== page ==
In the winter of 1971, BAY TIMES writer Ralph Hoyt wrote a series of articles about the ferry systems that operated across the mid-Chesapeake Bay in the first half of the 20th century.
Ferries for foot and horseback travelers had been part of the Chesapeake region’s commercial environment since the earliest days of the colonial era, but with a growing increase in car ownership and an expanding national highway system, a need for vehicular bay transport was a sure sign that the passenger and cargo vessels of the 1800’s steamboat era were destined to soon be part of that past.
According to Hoyt, the first ferry built for the “purpose of transporting motor vehicles,” was the Governor Emerson C. Harrington. (“$4.50 for a model T”, said B. Frank Sherman, the general manager of the Chesapeake Bay Ferry System from 1928-1952, and the first president of the Historical Society of Talbot County). The Gov. Harrington‘s ran between Annapolis and Claiborne, located between St. Michael’s and Tilghman Island, from 1919 through the early 1920’s, but demand turned out to be less than anticipated, and the operation was taken over from a private out-of-state company by a group of forward-looking Marylanders.
In 1925, as business improved, the group purchased a 194’, 75-80 car, 1200 passengers, diesel ship built around 1883, modified it into a double-ender to accommodate cars, and rechristened it the “Governor Albert C. Ritchie. The Gov. Ritchie began service on the bay on July 22, 1926, and for years was considered the pride of the fleet.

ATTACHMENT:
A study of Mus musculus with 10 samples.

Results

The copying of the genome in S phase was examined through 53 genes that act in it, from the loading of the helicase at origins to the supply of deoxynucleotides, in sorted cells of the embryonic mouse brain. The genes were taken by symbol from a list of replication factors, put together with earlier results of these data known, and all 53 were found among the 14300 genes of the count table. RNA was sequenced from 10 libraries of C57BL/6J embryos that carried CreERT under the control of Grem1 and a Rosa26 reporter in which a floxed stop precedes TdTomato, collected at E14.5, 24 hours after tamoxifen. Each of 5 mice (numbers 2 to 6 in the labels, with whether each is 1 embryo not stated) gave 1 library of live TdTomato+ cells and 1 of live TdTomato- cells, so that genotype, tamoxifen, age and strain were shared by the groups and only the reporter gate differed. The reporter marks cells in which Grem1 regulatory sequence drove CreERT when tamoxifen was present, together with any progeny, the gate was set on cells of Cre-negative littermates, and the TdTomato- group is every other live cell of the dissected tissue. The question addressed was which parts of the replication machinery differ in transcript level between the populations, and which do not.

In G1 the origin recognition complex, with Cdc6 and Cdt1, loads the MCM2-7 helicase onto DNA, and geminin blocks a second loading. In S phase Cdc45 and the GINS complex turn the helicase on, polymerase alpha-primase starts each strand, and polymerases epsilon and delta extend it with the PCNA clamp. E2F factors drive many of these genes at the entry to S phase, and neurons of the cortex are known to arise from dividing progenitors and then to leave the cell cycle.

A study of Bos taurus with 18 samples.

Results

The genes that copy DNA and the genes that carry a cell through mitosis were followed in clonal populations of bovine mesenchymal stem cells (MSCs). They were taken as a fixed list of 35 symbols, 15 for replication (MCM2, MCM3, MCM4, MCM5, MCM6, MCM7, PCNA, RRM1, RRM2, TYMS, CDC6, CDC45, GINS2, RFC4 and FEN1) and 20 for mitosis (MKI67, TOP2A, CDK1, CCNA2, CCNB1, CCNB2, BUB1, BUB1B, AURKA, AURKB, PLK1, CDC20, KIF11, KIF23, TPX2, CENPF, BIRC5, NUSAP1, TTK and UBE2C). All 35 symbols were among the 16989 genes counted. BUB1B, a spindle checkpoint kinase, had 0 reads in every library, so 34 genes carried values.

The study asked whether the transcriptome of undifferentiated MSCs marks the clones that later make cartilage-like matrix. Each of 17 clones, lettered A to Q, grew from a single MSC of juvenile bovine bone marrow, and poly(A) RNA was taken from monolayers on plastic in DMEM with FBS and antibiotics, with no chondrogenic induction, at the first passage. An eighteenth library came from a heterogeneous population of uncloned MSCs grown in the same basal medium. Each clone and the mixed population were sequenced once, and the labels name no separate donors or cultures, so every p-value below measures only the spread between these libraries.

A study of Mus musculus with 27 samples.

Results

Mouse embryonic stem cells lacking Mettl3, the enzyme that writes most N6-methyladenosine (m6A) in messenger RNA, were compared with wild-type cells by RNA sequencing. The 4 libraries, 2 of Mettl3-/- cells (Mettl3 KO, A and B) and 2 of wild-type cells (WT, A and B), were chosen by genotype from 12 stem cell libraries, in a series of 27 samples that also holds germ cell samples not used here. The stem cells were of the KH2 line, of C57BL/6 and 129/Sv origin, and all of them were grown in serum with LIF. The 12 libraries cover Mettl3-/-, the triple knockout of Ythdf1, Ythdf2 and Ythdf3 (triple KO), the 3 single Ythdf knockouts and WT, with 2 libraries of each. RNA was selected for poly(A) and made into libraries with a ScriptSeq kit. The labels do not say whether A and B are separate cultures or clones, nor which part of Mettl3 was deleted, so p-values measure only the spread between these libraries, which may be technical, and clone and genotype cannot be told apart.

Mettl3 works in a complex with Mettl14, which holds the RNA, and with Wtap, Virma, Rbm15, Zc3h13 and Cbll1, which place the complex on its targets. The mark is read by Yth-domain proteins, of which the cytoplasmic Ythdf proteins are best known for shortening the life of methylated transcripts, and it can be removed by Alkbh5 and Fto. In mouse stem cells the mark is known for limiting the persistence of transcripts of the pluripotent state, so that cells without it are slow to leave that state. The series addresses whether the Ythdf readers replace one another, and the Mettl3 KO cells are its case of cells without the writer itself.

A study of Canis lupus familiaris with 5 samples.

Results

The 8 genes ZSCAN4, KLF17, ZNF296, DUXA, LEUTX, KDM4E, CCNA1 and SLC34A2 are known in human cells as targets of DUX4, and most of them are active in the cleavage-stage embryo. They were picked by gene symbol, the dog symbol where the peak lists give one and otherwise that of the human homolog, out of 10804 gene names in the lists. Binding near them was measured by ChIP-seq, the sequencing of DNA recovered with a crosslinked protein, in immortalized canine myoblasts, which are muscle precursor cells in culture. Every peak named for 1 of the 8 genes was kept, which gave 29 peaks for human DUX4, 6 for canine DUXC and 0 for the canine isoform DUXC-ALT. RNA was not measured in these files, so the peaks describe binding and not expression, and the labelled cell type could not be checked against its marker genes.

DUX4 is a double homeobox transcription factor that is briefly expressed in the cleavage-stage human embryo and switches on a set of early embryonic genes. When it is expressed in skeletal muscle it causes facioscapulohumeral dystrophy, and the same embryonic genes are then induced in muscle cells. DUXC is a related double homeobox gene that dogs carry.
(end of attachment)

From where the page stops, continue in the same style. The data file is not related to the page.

The Gov. Ritchie was followed in 1929 by the launch of the newly built John M. Dennis, the line’s flagship.
In 1930, the ferry company began service between Annapolis and Matapeake on Kent Island. Many locals, including my grandfather, Frank Lewis, were employed by the system.
“Kent Island was now a stone’s throw from the Western Shore,” Hoyt wrote. “Business people of the Island were enthusiastic in their praise of the new service, and looked forward to increased revenue and prosperity.”
“Local merchants along the route brightened up their storefronts , and new gas stations sprung up overnight.”
My maternal grandparents, Grover and Virginia Clough, owned one of those gas stations until it burned down around 1938.
The Annapolis to Kent Island route was shorter, so the Claiborne leg suffered for passengers, and another terminal was added to the southern tip of Kent Island at Romancoke. The Annapolis to Romancoke ferries then went on to service Claiborne on the Governor Harrington II, which was replaced by the Governor Harry W. Nice in 1938.
In 1942, the Chesapeake Bay Ferry System was taken over by the state of Maryland.
On July 30, 1952, the day the William Preston Lane, Jr. Memorial Bridge opened, the Chesapeake Bay ferries ended their service. The five remaining boats were auctioned off, and after thousands of trips and tens of thousands of passengers over three decades, the era of the bay ferries was over.
“Most hearts were heavy (that day),” wrote Ralph Hoyt, “they knew that they were about to make their final docking.”